SCOTTISH engineers, scientists and manufacturers have turned their expertise to producing vital equipment for NHS workers and patients in the fight against coronavirus.

Companies across the country responded to the call for expert support from Westminster and Holyrood and are actively involved in making equipment ranging from face masks for doctors and nurses to ventilators for critically ill patients.

Some are connected to the gargantuan effort of the Ventilator Challenge, which has lined up the manufacture of many thousands of machines with a consortium involving heavyweights such as BAE Systems, Airbus and the UK F1 teams including McLaren, while others are on a different scale but making up an equally important part of the equation.

In the second day of our special series, we highlight some of the efforts being made in the workshops, labs and factories around Scotland in the offensive against the pandemic.


Skyrora said that it has “re-focused all its UK operations and has invested all human resources and working capital to help tackle Covid-19 in response to the UK Government reaching out to businesses for support”.

The company is to use the 3D printer that earlier this year created a rocket engine to instead form face masks that are currently undergoing final tests.

It is in discussion with the Scottish Government over a regular supply to aid the NHS offensive.

“We have produced 25 face visors and this week we will send them for testing and CE approval,” Skyrora said, adding: “Thereafter, production can be upscaled to 3D print 100 visors a week and then distribute to the NHS.”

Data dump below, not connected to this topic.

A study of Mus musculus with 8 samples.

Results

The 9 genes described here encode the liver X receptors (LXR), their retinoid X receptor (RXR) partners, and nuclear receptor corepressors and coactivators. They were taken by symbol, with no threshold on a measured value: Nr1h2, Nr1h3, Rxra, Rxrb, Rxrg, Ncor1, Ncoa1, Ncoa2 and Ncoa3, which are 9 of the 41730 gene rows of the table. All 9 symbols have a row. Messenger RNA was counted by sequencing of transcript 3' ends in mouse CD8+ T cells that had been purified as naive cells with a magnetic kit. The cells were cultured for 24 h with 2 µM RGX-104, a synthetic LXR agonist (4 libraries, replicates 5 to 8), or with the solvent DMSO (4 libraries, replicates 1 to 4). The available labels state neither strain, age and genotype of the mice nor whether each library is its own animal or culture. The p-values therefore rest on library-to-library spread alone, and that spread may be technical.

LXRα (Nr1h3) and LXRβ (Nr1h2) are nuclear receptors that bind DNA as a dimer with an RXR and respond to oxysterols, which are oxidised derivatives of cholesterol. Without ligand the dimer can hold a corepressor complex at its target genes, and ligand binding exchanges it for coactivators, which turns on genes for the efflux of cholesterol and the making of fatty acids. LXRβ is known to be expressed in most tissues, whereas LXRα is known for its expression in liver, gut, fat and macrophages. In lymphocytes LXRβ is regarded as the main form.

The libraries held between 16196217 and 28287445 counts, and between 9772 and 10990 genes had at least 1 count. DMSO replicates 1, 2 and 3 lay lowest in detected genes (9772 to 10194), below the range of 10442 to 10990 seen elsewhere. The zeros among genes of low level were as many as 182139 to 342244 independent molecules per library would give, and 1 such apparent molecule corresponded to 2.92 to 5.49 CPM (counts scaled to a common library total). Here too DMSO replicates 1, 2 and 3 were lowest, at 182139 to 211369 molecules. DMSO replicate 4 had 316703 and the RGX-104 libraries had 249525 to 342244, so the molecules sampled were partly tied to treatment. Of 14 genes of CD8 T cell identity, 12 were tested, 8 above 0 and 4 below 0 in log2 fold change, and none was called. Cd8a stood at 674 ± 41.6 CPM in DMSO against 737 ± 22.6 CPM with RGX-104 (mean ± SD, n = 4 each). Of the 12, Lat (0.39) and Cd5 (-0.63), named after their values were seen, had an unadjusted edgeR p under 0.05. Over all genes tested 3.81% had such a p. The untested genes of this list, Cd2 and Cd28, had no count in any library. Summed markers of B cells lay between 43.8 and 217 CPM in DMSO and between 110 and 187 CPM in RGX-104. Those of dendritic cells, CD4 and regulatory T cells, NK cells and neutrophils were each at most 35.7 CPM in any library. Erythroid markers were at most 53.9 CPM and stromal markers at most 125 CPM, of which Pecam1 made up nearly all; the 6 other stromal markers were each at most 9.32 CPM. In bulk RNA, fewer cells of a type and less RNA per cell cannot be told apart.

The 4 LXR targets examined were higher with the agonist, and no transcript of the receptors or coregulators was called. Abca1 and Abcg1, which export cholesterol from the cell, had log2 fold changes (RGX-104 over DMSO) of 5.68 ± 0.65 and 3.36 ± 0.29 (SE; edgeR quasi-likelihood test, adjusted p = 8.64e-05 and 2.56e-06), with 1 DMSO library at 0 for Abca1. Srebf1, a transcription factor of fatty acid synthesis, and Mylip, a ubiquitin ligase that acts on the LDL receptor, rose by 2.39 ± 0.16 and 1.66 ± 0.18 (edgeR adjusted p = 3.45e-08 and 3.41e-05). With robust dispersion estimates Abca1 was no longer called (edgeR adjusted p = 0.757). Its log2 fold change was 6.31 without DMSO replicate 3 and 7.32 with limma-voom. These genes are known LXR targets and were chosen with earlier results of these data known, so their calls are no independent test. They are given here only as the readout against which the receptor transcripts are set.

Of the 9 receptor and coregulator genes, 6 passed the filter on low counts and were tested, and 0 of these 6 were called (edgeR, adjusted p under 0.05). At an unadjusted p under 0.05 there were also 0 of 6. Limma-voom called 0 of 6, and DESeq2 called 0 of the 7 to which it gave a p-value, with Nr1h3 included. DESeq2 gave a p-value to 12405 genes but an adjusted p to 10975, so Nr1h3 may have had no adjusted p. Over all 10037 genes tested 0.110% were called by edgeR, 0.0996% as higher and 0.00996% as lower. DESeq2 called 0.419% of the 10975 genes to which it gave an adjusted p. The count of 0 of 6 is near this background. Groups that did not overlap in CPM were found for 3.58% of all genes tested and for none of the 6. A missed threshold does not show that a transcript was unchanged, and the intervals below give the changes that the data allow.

The process has been fast-moving. On the same day that Skyrora produced its first batch of hand sanitisers, the company was contacted by Scottish Government officials about face masks. It has installed extra capabilities and is awaiting licensing.


The large-scale consortium of significant cross-border industrial, technology and engineering businesses from across the aerospace, automotive and medical sectors, is focusing on producing medical ventilators for across the UK.

Companies in the consortium have now received formal orders from the Government in excess of 10,000 units.

Ventilators are being made at facilities in Kelso in the Scottish Borders and Livingston, West Lothian, by Wisconsin-based manufacturer Plexus, and the rapid production push by its Scottish teams “humbled” Ronnie Darroch, the company’s European regional president.


It is repurposing laboratories to process a minimum of 500 diagnostic tests a day, with the tests enabling the NHS to tell anxious patients whether or not they are suffering from the virus.

An injection of funds from Par Equity, the Edinburgh-based principal investor that specialises in tech businesses, allowed Censo to create the capacity to rise to the challenge.

The company has also offered the use of its 25 strong workforce of scientists to support NHS Scotland laboratories where possible and Mike Hawthorne, Censo chief executive, said “as a life science company we have spent 15 years finding ways of improving the lives of patients suffering from neurodegenerative diseases around the world”.

“But we are based in the UK and when the Covid-19 crisis emerged we saw an opportunity to help people much closer to home.”